Baccala fish a tasty and delicious Italian tradition!
Baccala Fish is a traditional Italian salted cod fish. A baccala is similar to the Portuguese Bacalhau and the Spanish bacalao. It is a butterfly split gadus morhua well salted and dried, very white looking, sold in small sizes 16/20 or smaller. The ideal size for baccala is 21/30.
Baccala is consumed mostly in southern Italy in the Naples area, where it is a very traditional food, especially during Easter and Christmas.
From fresh codfish we can produce the best baccala. It arrives at the factory directly off the fishing boats. It is then quickly split mechanically into a open butterfly cut. In the old days, this was cut manually with sharp knives. Today we may still find in some regions of Iceland and Norway, especially the very big fish, manual splitting by professional fish cutters. But in general all small and commercial size fish is split mechanically, which is quick and perfect.
After splitting the baccala fish, it is cleaned thoroughly to make sure no blood stains persists on the white meat. After cleaning the fish is then salted. The salting methods may vary, there are several types of salting methods, some more efficient than others.
Flavour and taste is made with time and care!
Of course the flavor will be different according to the type of cure done on the fish. In our case, the clean fish is initially put into a large bin with salt layers, making it a natural dry brine. This stage is most important to guarantee the final quality of the baccala fish. The dry brine stage lasts more than 10 days and less than 30. During this period the water and moisture existing in the fish meat fibers is extracted by the salt, as the salt penetrates the fibers. Each producer has it’s own technique and this stage may vary, but it is the most important stage in fish salting.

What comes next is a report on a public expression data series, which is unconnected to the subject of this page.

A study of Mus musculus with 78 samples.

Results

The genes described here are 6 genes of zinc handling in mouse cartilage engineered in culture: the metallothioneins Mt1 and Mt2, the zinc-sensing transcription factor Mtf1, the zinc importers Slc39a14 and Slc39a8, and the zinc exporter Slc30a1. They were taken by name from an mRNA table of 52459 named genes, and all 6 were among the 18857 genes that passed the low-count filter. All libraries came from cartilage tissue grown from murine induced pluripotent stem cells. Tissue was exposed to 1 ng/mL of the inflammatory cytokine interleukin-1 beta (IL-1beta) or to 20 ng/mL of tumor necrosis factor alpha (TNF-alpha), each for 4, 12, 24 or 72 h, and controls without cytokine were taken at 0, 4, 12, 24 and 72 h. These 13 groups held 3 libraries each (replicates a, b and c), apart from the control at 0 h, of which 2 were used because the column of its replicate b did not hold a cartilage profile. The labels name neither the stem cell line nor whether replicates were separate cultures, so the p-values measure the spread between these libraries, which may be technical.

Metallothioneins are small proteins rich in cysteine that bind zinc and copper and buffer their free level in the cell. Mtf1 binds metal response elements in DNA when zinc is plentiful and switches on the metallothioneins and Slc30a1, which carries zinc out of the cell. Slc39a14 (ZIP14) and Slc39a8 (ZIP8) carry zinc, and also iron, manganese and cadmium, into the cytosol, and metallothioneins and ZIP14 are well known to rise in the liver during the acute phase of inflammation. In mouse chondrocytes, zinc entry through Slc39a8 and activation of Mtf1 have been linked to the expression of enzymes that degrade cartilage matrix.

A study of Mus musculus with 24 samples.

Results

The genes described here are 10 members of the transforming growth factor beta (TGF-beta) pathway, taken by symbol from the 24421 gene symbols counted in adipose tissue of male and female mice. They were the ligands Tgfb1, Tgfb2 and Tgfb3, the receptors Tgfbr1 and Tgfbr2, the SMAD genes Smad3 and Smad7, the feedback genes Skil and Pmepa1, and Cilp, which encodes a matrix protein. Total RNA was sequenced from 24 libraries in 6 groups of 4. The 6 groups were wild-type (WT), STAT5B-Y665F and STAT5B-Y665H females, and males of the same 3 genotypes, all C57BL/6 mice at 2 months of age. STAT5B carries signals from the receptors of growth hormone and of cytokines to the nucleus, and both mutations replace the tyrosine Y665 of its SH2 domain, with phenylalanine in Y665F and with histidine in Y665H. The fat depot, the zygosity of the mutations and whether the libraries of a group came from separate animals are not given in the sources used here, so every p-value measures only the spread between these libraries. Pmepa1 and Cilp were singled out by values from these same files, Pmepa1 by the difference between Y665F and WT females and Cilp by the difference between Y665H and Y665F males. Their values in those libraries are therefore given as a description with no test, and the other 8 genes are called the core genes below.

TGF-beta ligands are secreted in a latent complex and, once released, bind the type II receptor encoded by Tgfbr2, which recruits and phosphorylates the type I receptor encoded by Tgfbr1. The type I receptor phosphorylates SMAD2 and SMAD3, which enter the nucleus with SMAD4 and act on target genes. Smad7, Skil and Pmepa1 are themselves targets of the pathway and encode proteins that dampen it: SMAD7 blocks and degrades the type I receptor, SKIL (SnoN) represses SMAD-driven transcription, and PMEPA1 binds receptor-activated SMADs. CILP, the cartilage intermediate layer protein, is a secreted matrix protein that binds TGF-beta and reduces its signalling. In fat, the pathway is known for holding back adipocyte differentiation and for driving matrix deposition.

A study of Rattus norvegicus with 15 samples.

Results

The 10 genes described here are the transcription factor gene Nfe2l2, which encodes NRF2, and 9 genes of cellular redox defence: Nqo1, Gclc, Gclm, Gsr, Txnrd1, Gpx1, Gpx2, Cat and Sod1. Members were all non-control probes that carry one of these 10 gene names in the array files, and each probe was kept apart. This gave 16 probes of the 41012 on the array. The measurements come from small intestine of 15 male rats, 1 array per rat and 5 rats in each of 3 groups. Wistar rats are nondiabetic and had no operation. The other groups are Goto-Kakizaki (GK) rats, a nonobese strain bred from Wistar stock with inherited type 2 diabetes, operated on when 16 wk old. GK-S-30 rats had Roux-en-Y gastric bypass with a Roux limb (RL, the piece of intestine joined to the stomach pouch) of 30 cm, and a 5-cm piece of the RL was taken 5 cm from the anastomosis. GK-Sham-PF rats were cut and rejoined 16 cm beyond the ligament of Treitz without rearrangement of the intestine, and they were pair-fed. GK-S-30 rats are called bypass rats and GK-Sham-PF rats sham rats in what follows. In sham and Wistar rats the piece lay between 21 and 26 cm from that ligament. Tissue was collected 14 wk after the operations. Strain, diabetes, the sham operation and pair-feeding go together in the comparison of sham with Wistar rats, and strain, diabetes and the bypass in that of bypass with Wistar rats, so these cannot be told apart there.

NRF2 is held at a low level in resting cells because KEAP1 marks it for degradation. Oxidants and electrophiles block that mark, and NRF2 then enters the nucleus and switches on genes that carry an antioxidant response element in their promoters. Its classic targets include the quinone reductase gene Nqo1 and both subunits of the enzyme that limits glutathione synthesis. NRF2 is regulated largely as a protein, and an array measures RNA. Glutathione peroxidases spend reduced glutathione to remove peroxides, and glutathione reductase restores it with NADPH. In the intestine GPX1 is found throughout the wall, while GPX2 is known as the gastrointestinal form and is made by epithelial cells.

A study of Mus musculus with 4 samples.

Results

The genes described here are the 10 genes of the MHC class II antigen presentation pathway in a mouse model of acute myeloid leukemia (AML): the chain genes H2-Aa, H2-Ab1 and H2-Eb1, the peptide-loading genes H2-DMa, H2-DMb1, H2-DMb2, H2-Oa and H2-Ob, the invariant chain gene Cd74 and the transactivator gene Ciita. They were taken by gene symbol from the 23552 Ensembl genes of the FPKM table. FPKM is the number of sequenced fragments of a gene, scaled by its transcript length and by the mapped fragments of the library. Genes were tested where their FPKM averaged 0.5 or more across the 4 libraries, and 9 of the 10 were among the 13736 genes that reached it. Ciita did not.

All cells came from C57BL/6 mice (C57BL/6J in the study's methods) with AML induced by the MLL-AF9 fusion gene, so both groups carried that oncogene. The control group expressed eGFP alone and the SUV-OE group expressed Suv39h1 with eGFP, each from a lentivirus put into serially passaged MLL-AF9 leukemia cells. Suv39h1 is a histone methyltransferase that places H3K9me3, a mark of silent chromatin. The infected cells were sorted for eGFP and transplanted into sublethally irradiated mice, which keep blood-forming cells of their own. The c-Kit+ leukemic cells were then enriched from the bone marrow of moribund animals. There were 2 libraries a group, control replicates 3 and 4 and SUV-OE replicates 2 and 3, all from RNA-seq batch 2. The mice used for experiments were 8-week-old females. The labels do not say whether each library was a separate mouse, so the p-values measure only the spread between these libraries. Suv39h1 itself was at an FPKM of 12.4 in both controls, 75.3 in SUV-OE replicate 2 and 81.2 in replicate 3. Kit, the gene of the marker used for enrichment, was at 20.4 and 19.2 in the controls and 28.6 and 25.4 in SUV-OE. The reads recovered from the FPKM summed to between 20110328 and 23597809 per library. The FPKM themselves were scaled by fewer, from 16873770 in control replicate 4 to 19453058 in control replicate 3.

After the brine stage where osmosis takes place, the baccala fish is then placed on pallet. Here it may remain for a few weeks or a few months. In this phase the baccala fish will obtain the required cure. However, the longer it stays in contact with salt and moisture the more the surface oxidizes. In Italy, as in most countries, people like their baccala fish nice and white.
Next comes the drying phase, in the old days, in Northern Norway, the baccala fish was dried on big rocks. Today drying is done in industrial wind tunnels where temperature and moisture are controlled rigorously.
When well dried, the baccala is ready to be packed and shipped to your nearest baccala retail store. You can check out our baccala fish range following the link or just check through our website, we are sure you will find what you may be looking for.